After keeping up with all of our “appointment television” in the fall, my Bonnie and I are generally ready to take a break in the Spring and Summer. However, as avid readers of EW, we generally try to pick up one or two shows that come with high recommendations, hoping to find something we like enough to watch each week. In addition to our rather lengthy Sunday nights on HBO, we’ve picked up a few new shows—TNT’s Saving Grace—starring Holly Hunter and FX’s Glenn Close vehicle Damages. The viewing of our first week with each show was positive enough to guarantee that we’ll be back again.
Here, I’d like to focus on Saving Grace and some of the questions it raises about God, and what God wants. The show is just barely on this side of schizophrenic—it almost feels like you’re watching two different shows, each starring the same characters. On the one hand, we have a fast paced and gritty narrative with Holly Hunter starring as a single, hard drinking, hard partying cop, who seems connected emotionally only to her nephew, whose mother died in the Oklahoma City bombing (Note: The show is set in Oklahoma City, and they’re doing some interesting work with the locale). Hunt is having an affair with her partner, a hard drinking married cop whose wife evidently kicks him out routinely. The pacing and soundtrack are beautifully textured. You move with the characters; you want to drink with them. And dance. When Holly Hunter’s Grace takes a swig of Jack and chases it with a bottle of Bud, you want to be there--whether you drink or not. Talk about effective product placement.
On the other hand, and this is where we have the problem, the show has an interesting religious angle which makes up its second personality. Driving home drunk one night with the music in her car blaring, Grace hits a pedestrian, killing him on contact (the link shows this portion of the show, FYI). When she gets out of the car and discovers the guy is dead, you can see the emotions running across her face—her life is ruined; is there anyway out from under this curse? When she looks to the heavens and pleads for help, an old hick appears, claiming to be an angel and spitting tobacco into a plastic bottle. He swoops Grace off to the Grand Canyon and tells her she has one last chance to keep from going to hell (indeed: it is that specific). He’ll save her from this situation if she promises to save her soul, to change her life around.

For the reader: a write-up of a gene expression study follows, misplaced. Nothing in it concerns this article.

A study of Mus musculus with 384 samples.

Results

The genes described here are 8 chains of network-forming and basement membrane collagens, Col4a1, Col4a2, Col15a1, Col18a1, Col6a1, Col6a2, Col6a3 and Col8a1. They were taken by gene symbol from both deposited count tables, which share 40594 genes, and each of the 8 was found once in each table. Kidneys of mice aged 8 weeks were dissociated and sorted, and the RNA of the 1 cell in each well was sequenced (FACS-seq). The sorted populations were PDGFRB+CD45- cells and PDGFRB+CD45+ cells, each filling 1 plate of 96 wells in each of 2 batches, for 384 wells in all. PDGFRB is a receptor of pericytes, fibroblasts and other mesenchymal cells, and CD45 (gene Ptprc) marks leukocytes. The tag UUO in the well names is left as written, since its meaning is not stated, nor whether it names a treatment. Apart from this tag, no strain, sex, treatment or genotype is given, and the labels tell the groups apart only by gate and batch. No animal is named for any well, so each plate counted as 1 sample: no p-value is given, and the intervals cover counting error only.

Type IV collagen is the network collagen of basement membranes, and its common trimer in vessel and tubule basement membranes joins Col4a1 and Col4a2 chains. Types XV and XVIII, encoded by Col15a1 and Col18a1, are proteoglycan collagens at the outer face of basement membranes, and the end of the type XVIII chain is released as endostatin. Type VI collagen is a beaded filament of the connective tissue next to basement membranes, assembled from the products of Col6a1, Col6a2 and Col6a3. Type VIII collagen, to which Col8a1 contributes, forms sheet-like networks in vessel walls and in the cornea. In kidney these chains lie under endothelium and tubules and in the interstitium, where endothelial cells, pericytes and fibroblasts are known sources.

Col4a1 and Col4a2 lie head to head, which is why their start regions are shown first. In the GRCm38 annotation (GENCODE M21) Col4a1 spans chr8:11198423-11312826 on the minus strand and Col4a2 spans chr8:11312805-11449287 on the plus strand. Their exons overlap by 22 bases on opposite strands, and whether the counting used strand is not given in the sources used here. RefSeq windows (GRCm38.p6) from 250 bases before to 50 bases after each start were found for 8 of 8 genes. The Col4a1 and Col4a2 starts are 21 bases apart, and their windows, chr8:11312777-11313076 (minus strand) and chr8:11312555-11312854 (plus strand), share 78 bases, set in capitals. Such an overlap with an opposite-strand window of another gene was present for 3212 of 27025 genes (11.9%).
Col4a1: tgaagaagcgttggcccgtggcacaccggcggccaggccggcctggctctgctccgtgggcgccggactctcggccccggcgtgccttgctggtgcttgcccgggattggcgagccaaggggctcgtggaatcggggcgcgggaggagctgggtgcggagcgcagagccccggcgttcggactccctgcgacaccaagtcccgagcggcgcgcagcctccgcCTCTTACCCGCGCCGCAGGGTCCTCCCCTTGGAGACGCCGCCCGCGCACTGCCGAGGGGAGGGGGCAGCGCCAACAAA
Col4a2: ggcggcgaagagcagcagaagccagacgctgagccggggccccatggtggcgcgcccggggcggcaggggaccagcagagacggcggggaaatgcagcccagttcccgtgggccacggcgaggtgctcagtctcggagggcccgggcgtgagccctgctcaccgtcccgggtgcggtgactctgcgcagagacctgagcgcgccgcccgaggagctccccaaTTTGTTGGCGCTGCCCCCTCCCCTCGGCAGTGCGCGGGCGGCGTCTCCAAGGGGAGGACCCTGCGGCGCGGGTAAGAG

This part of the show is partially moving in that we get to watch Grace struggle with her beliefs as a result of this experience. She’s not a believer, but the evidence for God continues to grow throughout the show. Clearly, this guy—Earl is his name--must be an angel; clearly, Grace needs to begin worrying about eternal damnation. Yet, herein lies the rub: at several points, the angel reappears and scolds Grace for some of her behaviors, evidently behaviors that would keep her from getting through the Pearly Gates. But these behaviors are all on the relatively facile side of things, at least in my mind: he asks Grace is she wants to keep drinking, if she really wants to keep cursing. I love the show; I’m a Mass going person. But I cannot believe that God’s concerns lie with her cursing and drinking. Driving while impaired--yes; having a beer--that's a little more iffy. I hope that we all strive to live in ways that do not hurt others, that we work to be “good people,” but I have a difficult time believing that God’s primary concerns lie with our language, with smoking and drinking.
You could argue that it’s a waste of time for me to worry about this, that a television show is simply telling a story. And yet, I always find myself worrying about the “common sense” of television, the assumptions it asks us to accept if we are to enjoy the show trouble free. In this case, the spiritual life adds up to a series of rules, behaviors that we should follow. It’s less about a quest for the spiritual life and more about following Rules 1-22 in order to make sure we ultimately win. Ultimately, I would rather have an angel who reminds me to try my best to treat others as I do myself, rather than an angel who watches over my alcohol intake.